Andrew Kenneally, a former staffer for City Councillor Michael Flaherty, said he hasn't decided whether he will run for the Council at-Large seat his old boss is likely to vacate just yet, but he's fundraising anyway.
"I'm probably going to make a decision next month," he said. "I'm just trying to see what's out there in terms of raising cash and it's looking pretty good."
Kenneally has deposited $4,400 in his account, according to the Office of Campaign and Political Finance, but said he is likely to reach $10,000 by the time this paper is printed.
Jamaica Plain's Felix G. Arroyo is the leading fundraiser among the challengers so far, with over $13,000. His first fundraising event - for Three Kings Day - is Jan. 10 at Mojitos nightclub downtown.
"We're excited about the support we've gotten so far," said Arroyo from a cell phone in Puerto Rico, where he's visiting family this week. "We're looking forward to starting this year strong and starting the '09 season with some strong grassroots organizing."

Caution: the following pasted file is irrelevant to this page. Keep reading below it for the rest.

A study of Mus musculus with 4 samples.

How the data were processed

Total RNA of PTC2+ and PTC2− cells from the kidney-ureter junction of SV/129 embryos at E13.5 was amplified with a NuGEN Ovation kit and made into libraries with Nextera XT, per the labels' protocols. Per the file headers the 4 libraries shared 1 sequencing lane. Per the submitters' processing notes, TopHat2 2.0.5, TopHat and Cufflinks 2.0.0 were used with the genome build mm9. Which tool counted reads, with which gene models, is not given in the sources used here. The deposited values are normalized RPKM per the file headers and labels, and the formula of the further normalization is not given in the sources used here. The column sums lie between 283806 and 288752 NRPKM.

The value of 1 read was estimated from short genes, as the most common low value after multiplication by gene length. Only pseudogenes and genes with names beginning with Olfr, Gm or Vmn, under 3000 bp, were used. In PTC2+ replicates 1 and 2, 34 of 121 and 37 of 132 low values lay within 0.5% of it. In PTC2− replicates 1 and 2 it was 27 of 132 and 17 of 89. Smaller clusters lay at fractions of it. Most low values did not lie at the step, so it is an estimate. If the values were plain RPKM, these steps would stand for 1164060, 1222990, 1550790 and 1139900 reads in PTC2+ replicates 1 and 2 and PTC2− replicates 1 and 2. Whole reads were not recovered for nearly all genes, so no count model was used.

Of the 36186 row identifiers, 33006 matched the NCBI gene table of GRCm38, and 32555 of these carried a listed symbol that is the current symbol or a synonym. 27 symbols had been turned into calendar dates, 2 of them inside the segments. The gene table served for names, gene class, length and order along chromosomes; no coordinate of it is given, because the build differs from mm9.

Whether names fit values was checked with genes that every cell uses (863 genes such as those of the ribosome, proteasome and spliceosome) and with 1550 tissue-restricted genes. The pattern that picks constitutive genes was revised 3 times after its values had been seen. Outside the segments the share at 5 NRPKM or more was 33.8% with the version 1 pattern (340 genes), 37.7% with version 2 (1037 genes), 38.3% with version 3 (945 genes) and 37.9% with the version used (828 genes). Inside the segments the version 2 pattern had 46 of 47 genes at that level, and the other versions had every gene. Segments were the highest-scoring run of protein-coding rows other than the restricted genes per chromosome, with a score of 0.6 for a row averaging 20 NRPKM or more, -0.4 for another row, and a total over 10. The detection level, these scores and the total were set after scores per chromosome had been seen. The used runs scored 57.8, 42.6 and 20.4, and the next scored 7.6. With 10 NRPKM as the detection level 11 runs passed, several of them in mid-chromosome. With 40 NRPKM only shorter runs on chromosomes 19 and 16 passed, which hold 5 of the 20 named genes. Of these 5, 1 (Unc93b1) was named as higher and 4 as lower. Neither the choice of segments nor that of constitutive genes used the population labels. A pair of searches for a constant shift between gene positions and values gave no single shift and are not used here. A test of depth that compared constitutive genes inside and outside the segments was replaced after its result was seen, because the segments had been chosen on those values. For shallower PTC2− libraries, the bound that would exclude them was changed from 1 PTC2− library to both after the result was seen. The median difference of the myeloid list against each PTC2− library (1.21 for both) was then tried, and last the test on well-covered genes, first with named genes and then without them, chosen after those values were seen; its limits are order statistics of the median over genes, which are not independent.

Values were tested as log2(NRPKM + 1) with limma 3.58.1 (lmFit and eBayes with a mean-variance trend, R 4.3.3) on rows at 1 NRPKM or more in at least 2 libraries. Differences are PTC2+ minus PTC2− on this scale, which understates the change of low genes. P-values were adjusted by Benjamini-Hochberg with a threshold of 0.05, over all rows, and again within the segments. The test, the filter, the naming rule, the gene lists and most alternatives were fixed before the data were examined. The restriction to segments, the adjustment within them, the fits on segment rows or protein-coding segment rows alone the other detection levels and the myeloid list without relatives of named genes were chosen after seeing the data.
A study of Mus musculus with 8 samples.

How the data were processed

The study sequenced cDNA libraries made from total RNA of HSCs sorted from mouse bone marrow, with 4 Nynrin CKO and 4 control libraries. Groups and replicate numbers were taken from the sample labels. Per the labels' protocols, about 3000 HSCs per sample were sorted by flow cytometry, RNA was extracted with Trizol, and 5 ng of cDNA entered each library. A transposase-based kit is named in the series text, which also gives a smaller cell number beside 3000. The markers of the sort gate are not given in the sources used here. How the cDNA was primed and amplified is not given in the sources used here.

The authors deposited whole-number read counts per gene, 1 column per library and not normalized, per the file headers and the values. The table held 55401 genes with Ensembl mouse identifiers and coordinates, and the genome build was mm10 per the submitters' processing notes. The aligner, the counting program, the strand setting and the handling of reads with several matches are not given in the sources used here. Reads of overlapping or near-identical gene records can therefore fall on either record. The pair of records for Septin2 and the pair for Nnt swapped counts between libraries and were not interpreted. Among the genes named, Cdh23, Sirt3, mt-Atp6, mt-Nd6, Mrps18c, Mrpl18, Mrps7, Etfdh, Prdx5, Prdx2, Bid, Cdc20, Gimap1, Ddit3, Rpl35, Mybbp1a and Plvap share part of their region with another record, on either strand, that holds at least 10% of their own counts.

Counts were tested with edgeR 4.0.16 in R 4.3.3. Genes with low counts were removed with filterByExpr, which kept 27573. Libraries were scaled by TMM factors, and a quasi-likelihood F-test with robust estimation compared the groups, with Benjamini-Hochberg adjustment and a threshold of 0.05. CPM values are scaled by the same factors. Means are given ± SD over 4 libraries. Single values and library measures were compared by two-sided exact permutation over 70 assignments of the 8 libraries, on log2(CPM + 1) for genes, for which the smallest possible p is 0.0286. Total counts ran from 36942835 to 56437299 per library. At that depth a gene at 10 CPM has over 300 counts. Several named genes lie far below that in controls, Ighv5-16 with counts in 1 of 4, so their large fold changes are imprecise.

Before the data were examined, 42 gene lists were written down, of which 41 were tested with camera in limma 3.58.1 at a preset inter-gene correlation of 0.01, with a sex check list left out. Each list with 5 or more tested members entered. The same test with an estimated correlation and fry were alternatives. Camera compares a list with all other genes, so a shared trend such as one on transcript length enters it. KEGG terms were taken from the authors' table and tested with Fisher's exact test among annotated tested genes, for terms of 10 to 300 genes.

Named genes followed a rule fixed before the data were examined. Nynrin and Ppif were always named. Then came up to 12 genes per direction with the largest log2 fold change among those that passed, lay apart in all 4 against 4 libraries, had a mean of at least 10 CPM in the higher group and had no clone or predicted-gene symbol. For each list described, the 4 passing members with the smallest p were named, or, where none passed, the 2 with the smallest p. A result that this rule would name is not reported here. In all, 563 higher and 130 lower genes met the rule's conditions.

Arroyo and Kenneally will have an advantage in fundraising over newcomers to the race. Massachusetts campaign financing laws allow only one $500 donation per person, per year, meaning candidates who began raising funds last year have the ability to hit up their most loyal supporters twice.
Other candidates who already have accounts are Doug Bennett, Jean-Claude Sanon and Marty Hogan. Transportation advocate Bob Terrell has also said he's in. The rumor-wire still has public health advocate April Taylor seriously considering a run, although she did not immediately return a phone call for this article.
Scotland Willis, an independent management consultant who returned to his native Boston last year has also thrown his hat in the ring.
"I want to get more public input in the political process," he told the Reporter Tuesday. "We've forgotten to maintain control of our political process and I'm deeply concerned about that."
Willis was recently noted by the Universal Hub website for placing a Craigslist ad for campaign volunteers.
According to the ad, Willis's top priorities for the city are: education, job creation, public safety and sustainability. Volunteers can fill 71 different positions on Willis staff if they so choose, including campaign manager, youth vote director, or Jewish vote director/advisor on Mid-East policy.